Alexander Cockburn, Counterpunch - For several years one of the New York Times’ most avidly read writers was Sam Sifton. Sifton approached his job con amore. Not from him any cavils about price, let alone high-end gastro flim flam. His prose had the confident lilt of a man writing for Wall Streeters for whom a couple of thousand dollars dropped on a dinner for four was absolutely no problem, and indeed almost an emblem of parsimony.
In early October last year he published an emotional eulogy to Per Se, “the best restaurant in New York City”, located in the Time-Life building at Lincoln Center. A photo disclosed no less than six Per Se employees mustered round a dish being plated for some expectant customer.
“Per Se’s signature starter course is Oysters and Pearls,” wrote Sifton. “It combines a sabayon of pearl tapioca with Island Creek oysters (small, marble-shaped, from Duxbury, south of Boston, fantastic) and a fat clump of sturgeon caviar from Northern California. These arrive in a bowl of the finest porcelain from Limoges. Paired with a glass of golden semillon from Elderton, they make a fine argument for the metaphor of transubstantiation.”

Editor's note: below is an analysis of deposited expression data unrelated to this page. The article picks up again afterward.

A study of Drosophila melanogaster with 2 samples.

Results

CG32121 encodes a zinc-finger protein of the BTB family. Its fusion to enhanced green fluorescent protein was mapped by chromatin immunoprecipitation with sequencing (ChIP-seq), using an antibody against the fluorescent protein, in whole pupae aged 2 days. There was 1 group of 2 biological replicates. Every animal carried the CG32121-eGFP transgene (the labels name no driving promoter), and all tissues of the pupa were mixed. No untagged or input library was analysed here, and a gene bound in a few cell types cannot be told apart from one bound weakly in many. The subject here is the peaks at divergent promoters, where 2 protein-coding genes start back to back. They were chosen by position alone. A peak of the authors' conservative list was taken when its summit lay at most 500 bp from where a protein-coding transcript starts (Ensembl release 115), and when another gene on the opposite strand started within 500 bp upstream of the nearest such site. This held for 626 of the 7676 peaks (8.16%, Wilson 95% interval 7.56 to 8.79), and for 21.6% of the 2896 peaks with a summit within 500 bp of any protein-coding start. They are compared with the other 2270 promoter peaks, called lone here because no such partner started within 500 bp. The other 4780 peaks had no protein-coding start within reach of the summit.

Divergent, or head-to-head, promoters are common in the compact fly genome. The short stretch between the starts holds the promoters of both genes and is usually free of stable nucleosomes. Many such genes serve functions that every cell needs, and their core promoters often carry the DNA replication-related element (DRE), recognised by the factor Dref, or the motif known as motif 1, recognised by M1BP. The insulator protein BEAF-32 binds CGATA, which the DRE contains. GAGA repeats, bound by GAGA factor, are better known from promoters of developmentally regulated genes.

After this rather laconic reference to the Eucharist, an editorial note disclosed that this was Sifton’s last review. I’ve no idea whether Sifton’s liver couldn’t take the pace any more (“I have eaten in restaurants five or more nights a week for the last two years”) or whether the Times simply felt things were getting a little out of hand, and the paper was becoming a stand-in for Gourmet magazine. Either way it seemed we’d got to the end of an era. The day it announced the closing of Charlie Trotter’s, an article counseled Times readers on how to use left-overs.